There was a lot of drama in the Council on Tuesday but no consensus, even though some Europeans want a vote by Friday. Secretary of State Hillary Rodham Clinton spoke as did the prime minister of Qatar and the secretary-general of the Arab League. Foreign ministers or their deputies arrived in New York from France, Britain, Portugal, Germany, Guatemala and Morocco, the main sponsor of the resolution. (see videos)

Diplomatic niceties were put aside as ministers delivered stinging rebukes for the inaction of the Council. Since Russia has veto power in the 15-nation body, the barbs could only be aimed at Moscow. Russia, backed by China, voted against a European-drafted resolution in October on the violence that began last March and has claimed at least 5,400 lives, including over 300 children, according to UNICEF.

"We all have a choice: Stand with the people of Syria and the region or become complicit in the continuing violence there," Clinton said. "The question is how many more innocent civilians will die before Assad bows to the inevitable, and how unstable a country he will leave behind... Syria belongs to its 23 million citizens, not to one man or his family."

Said France's Foreign Minister Alain Juppé, "We are coming today to put an end to the scandalous silence of the council," Britain's Foreign Secretary William Hague asked "How many people need to die before the consciences of world capitals are stirred?"

"Government killing machine"
The Arab League was blunt. "The Syrian government failed to make any serious effort to cooperate with us," Sheik Hamad bin Jassim bin Jabr al-Thani, Qatar's prime minister said of the Arab League's attempt at mediation. "The government killing machine continues effectively unabated."

Syria's U.N. ambassador, Dr. Bashar Ja'afari, in a wide-ranging defense of his country, even sparred with Hamad, whose country backed NATO action in Libya. "Is Qatar a member of NATO or the Arab League?" Ja'afari asked.

The resolution, sponsored by Morocco and drafted mainly by France and Britain, backs Arab League proposals that call for Syrian President Bashar al-Assad to temporarily step aside and hand over powers to his deputy and then form a national unity government until elections can be prepared. It gives Assad 15 days to comply or face further unspecified measures.

The proposed document is under Chapter VI of the U.N. Charter which carries no military intervention. And there is no evidence at this time that the United States, Britain or France are planning such intervention, as in Libya. In fact, they went out of their way to deny it with France's Juppé calling it "a myth."

Russia vs. key Arab League proposal
Russia's U.N. ambassador, Vitaly Churkin, made conciliatory statements during his public statement and said in the main he supported the Arab League. But he then told reporters the Council could not endorse Assad's giving up power:

"The Security Council cannot prescribe ready recipes for the outcome of domestic political process. We don't want the Security Council to fall into the habit, because once you stop it's difficult to stop and telling what king needs to resign, what prime minister needs to step down, and this is really not business of the Security Council."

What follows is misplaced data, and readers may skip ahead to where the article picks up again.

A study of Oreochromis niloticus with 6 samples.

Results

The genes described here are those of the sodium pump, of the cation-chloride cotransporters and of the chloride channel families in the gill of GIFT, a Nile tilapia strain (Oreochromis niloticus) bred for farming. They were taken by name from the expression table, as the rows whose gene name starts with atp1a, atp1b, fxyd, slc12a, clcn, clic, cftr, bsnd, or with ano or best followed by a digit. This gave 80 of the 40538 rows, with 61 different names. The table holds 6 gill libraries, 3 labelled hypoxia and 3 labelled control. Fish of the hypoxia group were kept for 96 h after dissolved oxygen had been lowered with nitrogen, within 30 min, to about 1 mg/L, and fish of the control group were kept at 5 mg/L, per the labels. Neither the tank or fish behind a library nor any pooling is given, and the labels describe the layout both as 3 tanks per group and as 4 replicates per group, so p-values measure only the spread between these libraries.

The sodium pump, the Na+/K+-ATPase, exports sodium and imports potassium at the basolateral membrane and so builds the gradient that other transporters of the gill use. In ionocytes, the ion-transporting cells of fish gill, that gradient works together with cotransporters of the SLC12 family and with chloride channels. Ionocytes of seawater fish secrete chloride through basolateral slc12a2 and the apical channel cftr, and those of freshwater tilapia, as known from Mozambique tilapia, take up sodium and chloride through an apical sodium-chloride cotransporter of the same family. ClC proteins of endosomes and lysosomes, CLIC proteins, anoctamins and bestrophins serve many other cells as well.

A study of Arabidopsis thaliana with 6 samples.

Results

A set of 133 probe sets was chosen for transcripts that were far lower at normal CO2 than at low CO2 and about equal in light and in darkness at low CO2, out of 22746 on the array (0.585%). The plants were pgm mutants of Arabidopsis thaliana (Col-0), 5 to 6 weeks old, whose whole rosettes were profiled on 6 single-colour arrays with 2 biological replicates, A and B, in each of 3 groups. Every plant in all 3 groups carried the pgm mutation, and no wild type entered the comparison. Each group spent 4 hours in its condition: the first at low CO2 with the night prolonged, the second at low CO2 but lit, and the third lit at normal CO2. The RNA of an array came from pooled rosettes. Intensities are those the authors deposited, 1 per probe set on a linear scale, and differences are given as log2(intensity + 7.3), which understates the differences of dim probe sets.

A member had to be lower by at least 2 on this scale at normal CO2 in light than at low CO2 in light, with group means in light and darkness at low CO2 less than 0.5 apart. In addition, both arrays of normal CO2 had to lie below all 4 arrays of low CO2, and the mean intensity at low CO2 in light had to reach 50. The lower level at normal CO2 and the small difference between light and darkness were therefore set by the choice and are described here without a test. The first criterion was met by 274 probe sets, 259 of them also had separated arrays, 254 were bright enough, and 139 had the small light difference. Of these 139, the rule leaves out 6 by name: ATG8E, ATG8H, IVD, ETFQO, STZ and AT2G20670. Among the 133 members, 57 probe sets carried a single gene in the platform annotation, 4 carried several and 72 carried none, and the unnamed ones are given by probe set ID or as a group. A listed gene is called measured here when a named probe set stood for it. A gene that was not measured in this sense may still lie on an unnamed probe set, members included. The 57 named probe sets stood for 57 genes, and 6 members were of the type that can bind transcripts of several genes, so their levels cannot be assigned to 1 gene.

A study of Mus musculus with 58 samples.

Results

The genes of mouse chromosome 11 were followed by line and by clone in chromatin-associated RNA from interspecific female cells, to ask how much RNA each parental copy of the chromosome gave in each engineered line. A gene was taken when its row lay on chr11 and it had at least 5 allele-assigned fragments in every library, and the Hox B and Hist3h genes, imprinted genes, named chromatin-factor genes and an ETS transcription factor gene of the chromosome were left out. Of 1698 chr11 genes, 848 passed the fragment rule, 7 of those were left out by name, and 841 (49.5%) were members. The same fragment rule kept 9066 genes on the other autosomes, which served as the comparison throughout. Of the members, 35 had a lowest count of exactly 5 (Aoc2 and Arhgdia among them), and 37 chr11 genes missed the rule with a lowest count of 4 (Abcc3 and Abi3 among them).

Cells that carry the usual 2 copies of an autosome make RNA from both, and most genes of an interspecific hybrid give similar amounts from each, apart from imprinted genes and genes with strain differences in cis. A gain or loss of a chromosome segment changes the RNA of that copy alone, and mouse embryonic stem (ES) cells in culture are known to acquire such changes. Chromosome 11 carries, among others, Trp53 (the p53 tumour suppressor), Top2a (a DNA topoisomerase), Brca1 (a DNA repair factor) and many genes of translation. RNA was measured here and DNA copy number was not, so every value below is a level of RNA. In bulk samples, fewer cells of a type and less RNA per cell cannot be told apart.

Russia delivers armaments to Syria, the location of its only military base outside of the former Soviet Union. It is also concerned about instability in the area, the prospects of empowering Islamists -- and getting instructions on morals from the West.

It has proposed a dialogue in Moscow but the Syrian opposition says that first Assad has to step down. However, only Russia can pressure Assad into some kind of accommodation and then try again to help set up negotiations in a neutral country.

Russia believes the opposition is responsible for as much violence as the government. The Western powers say the government initiated nearly all the attacks, firing on peaceful demonstrators. In response, citizens took up arms, with the violence likely to spiral out of control.

Then there is the Libyan example when the Council allowed military intervention to protect civilians. But Russia, India and other nations argued that NATO had no mandate to topple Muammar Gaddafi. At a conference in New York last week, sponsored by the Stanley Foundation on the "responsibility to protect, " Jean-Marie Guéhenno, the former U.N. peacekeeping chief, said that "Syria will be the collateral victim of Libya."

Why the Security Council?
According to Peter Harling of the International Crisis Group, a Council resolution "is the one available lever that could be brought to bear on a Syrian leadership that feels sheltered by the prevailing divisions on the international scene, and would rather take the country down the road to civil war than negotiate in order to obtain what still can be achieved."

"As more Syrians come to believe that their collective efforts are in vain, that the world has forsaken them, and that the regime can only be fought with its own methods, the nature of the struggle could be transformed into something more fragmented, narrow-minded, and brutal. Those who have given up on everything but God will be easy recruits for the Islamists."